Author | Ariana Brown
My great grandmother calls me to say ‘I love you.’
She, a wrinkled ebony woman,
press ‘n curl etching itself ‘cross her head,
still calls her dead husband ‘Pal’.
She raised my daddy and his brothers and his sister
in a tiny house in Galveston. She ask me how I am.
She want me to be blessed.
She talk, and a record scratches
between her throat and my ear.
My great granny a harbor for all the blues songs
pulled from red & white violences.
She remembers the names of everyone
in our family. Walk down the street with her,
in her fur hat, and new church clothes, and everybody stop
to talk to Ma’dea. High school cafeteria lady, retired choir director,
always raisin’ somebody else’s kid
so the outside don’t swallow em up in a white curled fist.
My great granny got a stack
of restaurant style to-go boxes in her dining room.
You ain’t leavin’ her house without food. Without love.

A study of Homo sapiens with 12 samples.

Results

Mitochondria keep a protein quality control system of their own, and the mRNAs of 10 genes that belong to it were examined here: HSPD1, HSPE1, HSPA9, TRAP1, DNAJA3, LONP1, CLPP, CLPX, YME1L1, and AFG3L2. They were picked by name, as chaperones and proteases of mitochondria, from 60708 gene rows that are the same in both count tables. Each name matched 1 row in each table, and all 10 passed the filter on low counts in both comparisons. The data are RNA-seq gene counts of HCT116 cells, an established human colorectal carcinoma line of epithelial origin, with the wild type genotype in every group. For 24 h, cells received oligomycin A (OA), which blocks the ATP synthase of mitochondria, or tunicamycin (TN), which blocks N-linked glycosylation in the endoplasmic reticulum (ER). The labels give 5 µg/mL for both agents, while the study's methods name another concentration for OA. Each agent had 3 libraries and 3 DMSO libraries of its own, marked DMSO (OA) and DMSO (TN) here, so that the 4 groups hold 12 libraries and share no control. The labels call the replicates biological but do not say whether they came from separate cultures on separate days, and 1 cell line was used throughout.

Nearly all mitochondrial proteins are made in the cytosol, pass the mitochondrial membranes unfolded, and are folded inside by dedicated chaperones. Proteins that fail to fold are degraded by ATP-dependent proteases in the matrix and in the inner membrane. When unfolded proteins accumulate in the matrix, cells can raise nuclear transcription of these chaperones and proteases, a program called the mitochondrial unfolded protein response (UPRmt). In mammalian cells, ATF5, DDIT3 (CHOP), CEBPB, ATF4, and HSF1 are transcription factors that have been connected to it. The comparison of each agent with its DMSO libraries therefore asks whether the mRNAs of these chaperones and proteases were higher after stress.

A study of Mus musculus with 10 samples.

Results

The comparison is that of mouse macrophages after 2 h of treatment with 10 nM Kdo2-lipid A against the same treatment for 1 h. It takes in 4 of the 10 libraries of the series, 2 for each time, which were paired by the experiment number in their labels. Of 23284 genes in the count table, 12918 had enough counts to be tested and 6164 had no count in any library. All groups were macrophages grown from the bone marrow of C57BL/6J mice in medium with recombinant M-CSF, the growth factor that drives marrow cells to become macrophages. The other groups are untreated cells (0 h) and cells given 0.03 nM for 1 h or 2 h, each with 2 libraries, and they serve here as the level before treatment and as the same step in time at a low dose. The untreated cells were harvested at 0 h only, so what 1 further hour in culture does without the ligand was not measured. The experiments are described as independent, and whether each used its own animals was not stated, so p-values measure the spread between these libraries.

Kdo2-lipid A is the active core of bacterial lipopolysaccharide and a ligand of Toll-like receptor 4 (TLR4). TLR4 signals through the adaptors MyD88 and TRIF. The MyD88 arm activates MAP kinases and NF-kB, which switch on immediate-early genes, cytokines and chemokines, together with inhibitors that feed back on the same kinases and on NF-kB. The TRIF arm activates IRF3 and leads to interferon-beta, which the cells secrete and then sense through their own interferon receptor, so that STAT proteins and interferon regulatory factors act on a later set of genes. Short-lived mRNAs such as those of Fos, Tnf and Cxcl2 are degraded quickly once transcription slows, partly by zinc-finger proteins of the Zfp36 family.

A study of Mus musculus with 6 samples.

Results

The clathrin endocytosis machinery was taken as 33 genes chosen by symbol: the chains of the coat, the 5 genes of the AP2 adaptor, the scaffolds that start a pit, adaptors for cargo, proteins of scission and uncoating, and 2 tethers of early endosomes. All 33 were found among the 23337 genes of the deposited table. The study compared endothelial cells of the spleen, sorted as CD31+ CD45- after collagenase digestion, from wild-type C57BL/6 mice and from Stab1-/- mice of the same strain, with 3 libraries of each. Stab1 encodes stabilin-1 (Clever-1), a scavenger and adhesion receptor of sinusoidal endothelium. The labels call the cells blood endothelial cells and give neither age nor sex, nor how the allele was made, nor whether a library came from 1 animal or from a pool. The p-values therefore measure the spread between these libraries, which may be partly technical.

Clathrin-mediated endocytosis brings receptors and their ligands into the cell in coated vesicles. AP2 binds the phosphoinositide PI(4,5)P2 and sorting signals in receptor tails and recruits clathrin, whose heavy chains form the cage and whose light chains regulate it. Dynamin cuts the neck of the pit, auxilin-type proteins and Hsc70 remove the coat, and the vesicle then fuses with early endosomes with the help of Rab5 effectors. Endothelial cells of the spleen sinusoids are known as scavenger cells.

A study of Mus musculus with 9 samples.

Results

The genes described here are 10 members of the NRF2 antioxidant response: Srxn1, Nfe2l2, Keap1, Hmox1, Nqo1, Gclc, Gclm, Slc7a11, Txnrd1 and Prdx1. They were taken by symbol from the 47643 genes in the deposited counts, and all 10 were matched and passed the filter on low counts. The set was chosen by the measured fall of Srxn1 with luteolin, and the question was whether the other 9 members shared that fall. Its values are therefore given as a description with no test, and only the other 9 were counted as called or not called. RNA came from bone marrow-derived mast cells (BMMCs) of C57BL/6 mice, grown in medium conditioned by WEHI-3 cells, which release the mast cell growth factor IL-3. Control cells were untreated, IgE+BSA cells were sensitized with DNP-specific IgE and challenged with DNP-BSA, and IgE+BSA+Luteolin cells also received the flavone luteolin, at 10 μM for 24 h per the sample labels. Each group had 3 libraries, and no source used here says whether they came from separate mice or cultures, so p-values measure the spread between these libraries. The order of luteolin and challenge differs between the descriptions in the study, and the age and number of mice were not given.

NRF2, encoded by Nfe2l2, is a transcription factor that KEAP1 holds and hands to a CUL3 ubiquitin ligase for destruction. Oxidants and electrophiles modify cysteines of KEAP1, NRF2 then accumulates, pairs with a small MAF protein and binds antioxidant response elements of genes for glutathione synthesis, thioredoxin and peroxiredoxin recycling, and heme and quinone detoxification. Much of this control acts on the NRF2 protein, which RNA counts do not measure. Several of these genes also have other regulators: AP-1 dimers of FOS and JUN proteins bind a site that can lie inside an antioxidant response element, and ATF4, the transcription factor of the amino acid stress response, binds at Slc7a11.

Without knowing you are divinely accounted for.
When I was little, my mama would hand me the phone
and I struggled to keep up with Granny’s pace.
Women who survived the unsurviveable move
faster than bullets. My great granny’s mouth
sound like the South picked itself up and ran
to the water. Ain’t stop running,
ain’t stop learning to breathe
in places that ain’t got no air. This what it means to be black
and from Texas. This what it means to be brown and from Texas.
When my great granny leave me a message on election night,
she don’t say nothin’ about politics. She know,
better than any, how long grief is. She choose me
instead. She say words like “wonderful,” “proud,” “hope,” “continue.”
She say, “I love you to death.”
And I know she mean it. Cuz how else
could I still be here, and black, and brown, and alive.
About the Author | Ariana Brown is an Afromexicana poet from San Antonio, Texas, with a B.A. in African Diaspora Studies and Mexican American Studies from UT Austin. She is the recipient of an Academy of American Poets Prize and a 2014 collegiate national poetry slam champion. An alum of Brave New Voices, Ariana has performed across the U.S. at venues such as the San Antonio Guadalupe Theater, University of California – Santa Cruz, Tucson Poetry Festival, and the San Francisco Opera Theatre. When she is not onstage, she is probably eating an avocado, listening to the Kumbia Kings, or validating black girl rage in all its miraculous forms. Her work is published in Huizache, Rattle, Borderlands: Texas Poetry Review and ¡Manteca!: An Anthology of Afro-Latin@ Poets from Arte Público Press.